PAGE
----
By Arvin Patel, EVP and Chief Intellectual Property Officer, TiVo
Mindfulness is a passion of mine; I practice meditation in my personal life, and I use the principles of mindful leadership to help me be a better executive at work. The word “mindfulness” has become a popular buzzword in recent years, but what does it really mean? How can mindful leadership make your workplace more harmonious and productive? In general, mindful leadership is a way for leaders to manage their stress and improve their self-awareness and emotional wellness. It sets a positive tone and creates productive energy throughout the organization. Recent studies have found that when leaders manage their stress and reduce their anxiety, employees are more likely to be engaged and happy at work. Leaders set the tone for the entire organization; if leaders are constantly frazzled and stressed-out, they are less likely to be effective and inspire the best performance in the people around them.
There is no one “right way” to practice mindful leadership, but I have discovered a few key fundamentals that can help you stay centered and calm, reduce your stress, and improve your focus. Practicing these tips may also have a positive effect on the people around you at work.
Here are a few of my favorite practices for mindful leadership.
Create a Calmer, Healthier Work Environment
There are several strategies mindful leaders can use to create mindful work environments: reducing interruptions for your team, encouraging everyone to stretch and go for walks throughout the day, or even giving your people access to mindfulness apps so they can develop their own meditation skills. Along with looking at your own mindset and leadership style, pay attention to how your people are working and think creatively about what needs to change in the environment or workplace culture. Are you doing enough to encourage collaboration and support people’s emotional wellness? The new management style is for leaders to be less like “bosses” and more like supportive coaches. If you can develop more of a mindful, soft skills-oriented work culture, your work environment will reflect that same sense of calm.
Be Open to the Moment
Being mindful as a meditative practice is all about learning to live in the moment. Instead of regretting the past, anticipating the future, fretting about things left undone, or worrying about what might come to pass, mindfulness lets us breathe, relax, and accept what is happening now. In the same way, mindful leadership helps us to be level-headed and calm, even in the face of stressful events, disappointments, or disasters. Instead of freaking out about or overreacting to bad results or bad moments at work, mindful leaders are able to separate themselves from any one particular event and look at the situation dispassionately. We’ve all had bosses who, even in mundane situations, were constantly yelling, overreacting, panicking, or acting like the building was on fire. It’s better to be a mindful leader who can take bad news in stride. People generally make better decisions with a deep breath and a calm perspective.
Mindfulness helps us be more empathetic and feel more intimately connected to other living beings — especially to the other living beings that we work with! Compassion is an underrated skill of mindful leaders. Research shows that simple kindness from leaders at work can help people feel happier, more appreciated, more connected, and more creative. Showing your people that you care about them, that you are genuinely trying to connect with them, and that you support them in their growth will help build trust among your team, improve productivity, and increase retention of top talent.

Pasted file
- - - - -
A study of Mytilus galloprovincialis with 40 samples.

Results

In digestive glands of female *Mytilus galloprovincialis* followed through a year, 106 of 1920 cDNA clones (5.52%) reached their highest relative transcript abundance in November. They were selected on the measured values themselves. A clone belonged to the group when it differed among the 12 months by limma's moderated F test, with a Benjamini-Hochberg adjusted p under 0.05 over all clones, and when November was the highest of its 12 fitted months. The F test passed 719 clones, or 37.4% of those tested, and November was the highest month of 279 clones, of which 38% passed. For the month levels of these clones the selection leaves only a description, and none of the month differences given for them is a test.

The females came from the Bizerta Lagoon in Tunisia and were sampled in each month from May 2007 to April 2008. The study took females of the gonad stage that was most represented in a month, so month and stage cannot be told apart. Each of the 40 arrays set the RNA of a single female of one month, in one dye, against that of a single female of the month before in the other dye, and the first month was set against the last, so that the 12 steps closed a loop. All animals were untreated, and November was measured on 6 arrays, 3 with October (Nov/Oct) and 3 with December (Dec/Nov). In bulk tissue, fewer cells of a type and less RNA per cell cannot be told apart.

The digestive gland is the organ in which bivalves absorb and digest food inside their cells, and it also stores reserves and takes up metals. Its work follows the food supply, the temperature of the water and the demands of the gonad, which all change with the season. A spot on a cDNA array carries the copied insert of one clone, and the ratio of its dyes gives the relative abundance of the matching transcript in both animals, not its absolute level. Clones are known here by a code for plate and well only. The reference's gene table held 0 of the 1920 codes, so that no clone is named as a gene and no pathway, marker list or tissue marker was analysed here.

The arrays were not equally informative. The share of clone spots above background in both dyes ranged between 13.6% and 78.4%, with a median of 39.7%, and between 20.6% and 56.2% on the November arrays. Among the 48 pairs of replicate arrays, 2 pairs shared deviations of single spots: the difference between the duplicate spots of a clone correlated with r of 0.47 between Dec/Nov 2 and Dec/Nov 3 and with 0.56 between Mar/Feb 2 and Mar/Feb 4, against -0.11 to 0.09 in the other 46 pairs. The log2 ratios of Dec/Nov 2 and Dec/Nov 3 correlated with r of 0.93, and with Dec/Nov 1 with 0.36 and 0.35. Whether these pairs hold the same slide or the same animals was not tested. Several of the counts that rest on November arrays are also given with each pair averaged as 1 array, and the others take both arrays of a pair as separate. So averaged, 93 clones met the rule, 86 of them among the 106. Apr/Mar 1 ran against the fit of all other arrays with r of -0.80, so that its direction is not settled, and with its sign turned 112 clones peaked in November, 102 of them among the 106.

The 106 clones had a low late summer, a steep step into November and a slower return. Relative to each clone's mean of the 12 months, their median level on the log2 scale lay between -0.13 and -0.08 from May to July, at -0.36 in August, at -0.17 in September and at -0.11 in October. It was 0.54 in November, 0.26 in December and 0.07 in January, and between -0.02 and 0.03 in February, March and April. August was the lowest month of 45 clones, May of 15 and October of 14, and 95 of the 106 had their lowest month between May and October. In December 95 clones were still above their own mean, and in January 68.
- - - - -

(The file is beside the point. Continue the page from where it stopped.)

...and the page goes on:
Mindfulness is not just about reducing anxiety and managing stress; it’s about being an eager learner and unlocking a greater sense of wonder about everyday life. Curiosity is an essential element of mindful leadership, because it helps you be more inquisitive, more creative, eager to push limits and innovate, and more sociable and communicative. People like to work with leaders who are genuinely interested in what they’re up to, who are not locked up inside their own heads all the time. As you’re making the rounds and talking with your team throughout the day, having an attitude of curiosity will help you to connect and build better relationships with people. The most mindful leaders don’t claim to know everything; they are humble about the vastness of the world beyond their expertise, and they’re always eager to learn more. Staying calm and centered with mindfulness can help you find the mental energy to be more curious and keep learning, more than ever.
Disappointments and failures are part of life, and this is especially true for our lives at work. Mindfulness is not a “superpower” that makes you invincible to destruction; but it can help you bounce back from failure, and overcome difficulties. Mindfulness helps leaders maintain perspective. It helps them take a step back and focus on the big picture. It helps them maintain a well-informed sense of optimism in the face of challenges. The same sort of meditative calm that can come from a personal mindfulness practice — accepting what is happening in the moment, being patient, evaluating options with a clear mind — can also help you chart a better course for a team or an organization.
Mindfulness is not a magic solution and it doesn’t happen overnight. But I’ve found that through implementing a few simple but important choices regarding the way that I approach everyday life problems, trying harder to exercise discipline over my emotions and mindset, and making an extra effort to connect with people using compassion and curiosity, I can bring the best aspects of mindfulness to my leadership at work. I hope the same will be true for you!